Neighbors recall chaos during Minneapolis mass shooting

As the community prepares for a solemn goodbye to Minneapolis police officer Jamal Mitchell next week, those who witnessed and survived the tragic events are picking up the pieces and trying to return to some sense of normalcy – including many living in the Blaisdell Avenue apartment building where the initial double shooting occurred, and where a frantic search for a possible second gunman unfolded.

"This lady comes out screaming, ‘Two people have been shot upstairs,’ Ravelle Dixon told FOX 9. "And I said, ‘What?’ Two people shot upstairs."

Dixon had just gotten home to his apartment last Thursday when fear and panic exploded around him. He was immediately evacuated, rushed outside, when he heard a deafening barrage of gunfire nearby.

"That kind of scared me, scared everybody, you know? And I said, ‘Oh, my goodness, I hope nobody is hurt’," Dixon said.

Dixon was stunned when he realized the initial double shooting that sparked the tragic sequence of events unfolded upstairs, in the unit right above his, in apartment #18.

"The bullet came from upstairs all the way down here," he said, pointing to what appeared to be a fresh bullet hole in his entryway ceiling. "I said, ‘Oh, man, I am glad I wasn't in here.’"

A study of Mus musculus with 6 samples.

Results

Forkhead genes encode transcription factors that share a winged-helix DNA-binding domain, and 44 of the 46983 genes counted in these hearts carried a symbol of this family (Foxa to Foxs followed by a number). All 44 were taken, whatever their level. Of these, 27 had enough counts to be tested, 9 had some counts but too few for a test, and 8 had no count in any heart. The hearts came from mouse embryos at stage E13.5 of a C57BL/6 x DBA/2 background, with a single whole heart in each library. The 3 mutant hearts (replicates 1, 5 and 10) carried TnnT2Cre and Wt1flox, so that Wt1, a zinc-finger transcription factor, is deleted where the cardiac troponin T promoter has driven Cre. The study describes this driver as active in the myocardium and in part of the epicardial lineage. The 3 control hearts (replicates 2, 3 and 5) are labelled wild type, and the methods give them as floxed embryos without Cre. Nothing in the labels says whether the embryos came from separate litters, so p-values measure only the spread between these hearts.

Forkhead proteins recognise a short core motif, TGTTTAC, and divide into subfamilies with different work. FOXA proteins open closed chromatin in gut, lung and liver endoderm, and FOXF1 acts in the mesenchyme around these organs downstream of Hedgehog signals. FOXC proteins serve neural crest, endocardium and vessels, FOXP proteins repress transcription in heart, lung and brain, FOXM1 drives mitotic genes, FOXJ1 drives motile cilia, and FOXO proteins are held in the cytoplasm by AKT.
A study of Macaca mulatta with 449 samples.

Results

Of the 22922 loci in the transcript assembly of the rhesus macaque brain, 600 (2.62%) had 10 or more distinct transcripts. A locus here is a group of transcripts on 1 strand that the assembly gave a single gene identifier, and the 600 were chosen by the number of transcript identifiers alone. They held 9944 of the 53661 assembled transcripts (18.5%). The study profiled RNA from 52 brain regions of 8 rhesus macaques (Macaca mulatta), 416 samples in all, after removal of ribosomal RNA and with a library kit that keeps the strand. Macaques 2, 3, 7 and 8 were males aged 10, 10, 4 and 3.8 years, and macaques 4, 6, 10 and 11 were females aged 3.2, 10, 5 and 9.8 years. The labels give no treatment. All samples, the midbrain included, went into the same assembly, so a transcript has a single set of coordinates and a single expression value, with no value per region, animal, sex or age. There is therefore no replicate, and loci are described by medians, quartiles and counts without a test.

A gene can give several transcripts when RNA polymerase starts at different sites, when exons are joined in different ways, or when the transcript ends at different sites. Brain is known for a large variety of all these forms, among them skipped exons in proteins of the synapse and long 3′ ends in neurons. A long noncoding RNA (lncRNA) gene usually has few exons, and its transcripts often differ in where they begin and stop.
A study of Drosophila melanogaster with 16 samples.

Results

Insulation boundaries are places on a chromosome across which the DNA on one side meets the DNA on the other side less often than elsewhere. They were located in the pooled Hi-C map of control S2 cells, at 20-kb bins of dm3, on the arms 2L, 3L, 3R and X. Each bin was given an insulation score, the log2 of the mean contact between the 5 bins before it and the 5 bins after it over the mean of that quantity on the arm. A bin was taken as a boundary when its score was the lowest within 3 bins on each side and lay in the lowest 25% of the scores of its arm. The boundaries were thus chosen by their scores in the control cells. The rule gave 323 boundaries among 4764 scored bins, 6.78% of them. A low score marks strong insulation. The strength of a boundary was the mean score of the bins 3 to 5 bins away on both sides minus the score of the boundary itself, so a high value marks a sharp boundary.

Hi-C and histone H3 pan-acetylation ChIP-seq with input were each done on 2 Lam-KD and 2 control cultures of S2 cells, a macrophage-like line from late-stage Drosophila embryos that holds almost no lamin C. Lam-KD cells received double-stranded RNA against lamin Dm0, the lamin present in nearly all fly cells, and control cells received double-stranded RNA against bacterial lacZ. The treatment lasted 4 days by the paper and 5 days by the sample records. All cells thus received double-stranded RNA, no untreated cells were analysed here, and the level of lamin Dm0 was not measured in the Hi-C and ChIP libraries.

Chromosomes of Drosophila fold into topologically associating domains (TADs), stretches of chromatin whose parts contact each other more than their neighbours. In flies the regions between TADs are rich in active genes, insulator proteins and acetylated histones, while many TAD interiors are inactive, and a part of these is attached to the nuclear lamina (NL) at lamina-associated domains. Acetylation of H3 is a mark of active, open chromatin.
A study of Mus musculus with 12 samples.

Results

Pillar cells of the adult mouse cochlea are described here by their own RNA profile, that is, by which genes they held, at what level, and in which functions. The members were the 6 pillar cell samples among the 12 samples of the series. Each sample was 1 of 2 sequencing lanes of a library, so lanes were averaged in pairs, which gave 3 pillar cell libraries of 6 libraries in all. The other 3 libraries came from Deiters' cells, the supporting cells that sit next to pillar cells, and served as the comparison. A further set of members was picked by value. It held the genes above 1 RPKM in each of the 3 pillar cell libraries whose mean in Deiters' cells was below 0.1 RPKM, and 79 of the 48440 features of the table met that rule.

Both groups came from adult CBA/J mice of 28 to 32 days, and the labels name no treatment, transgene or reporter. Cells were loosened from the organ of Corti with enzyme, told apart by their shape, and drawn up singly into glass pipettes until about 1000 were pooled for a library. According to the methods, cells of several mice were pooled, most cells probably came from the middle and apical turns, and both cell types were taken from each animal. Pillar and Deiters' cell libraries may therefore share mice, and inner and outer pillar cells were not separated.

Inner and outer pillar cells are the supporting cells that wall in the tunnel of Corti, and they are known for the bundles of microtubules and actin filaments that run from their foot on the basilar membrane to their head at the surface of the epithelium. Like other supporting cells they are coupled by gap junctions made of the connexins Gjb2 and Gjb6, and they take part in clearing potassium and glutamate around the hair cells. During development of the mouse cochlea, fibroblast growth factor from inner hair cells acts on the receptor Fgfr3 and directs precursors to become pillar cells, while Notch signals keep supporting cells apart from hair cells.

In addition to the bullet hole, Dixon found his front and bedroom doors had either been kicked in or rammed by law enforcement during a frantic operation to clear the building of any other potential suspects.

Recently released emergency dispatch records detail the chaos in Dixon’s building at 2221 Blaisdell Avenue – from a call reporting two shot inside apartment #18, to an update advising just after 5:34 p.m., "someone dead."

Minutes later, it is noted, the corridor is set up for EMS to evacuate victims from the rear of the building. 

And then around 7:55 p.m., two-plus hours later, a Saint Paul police SWAT team announced it was forcing entry into Dixon’s apartment with a follow-up moments later, "all clear."

Dixon is still shaken by the close call and is saddened to hear Officer Mitchell was ambushed and killed.

"I hate to see that. I hate to see somebody innocent get their life taken for no reason at all," Dixon said. "He did not deserve that. He did not deserve it at all."

According to public records released by the City of Minneapolis, crews were called in to board up 16 doors, including two metal ones, inside the 2221 Blaisdell Avenue apartment complex. 

Dixon told FOX 9, that he did not know the tenants in apartment #18 above him, only that he believed they had moved in just the last several months.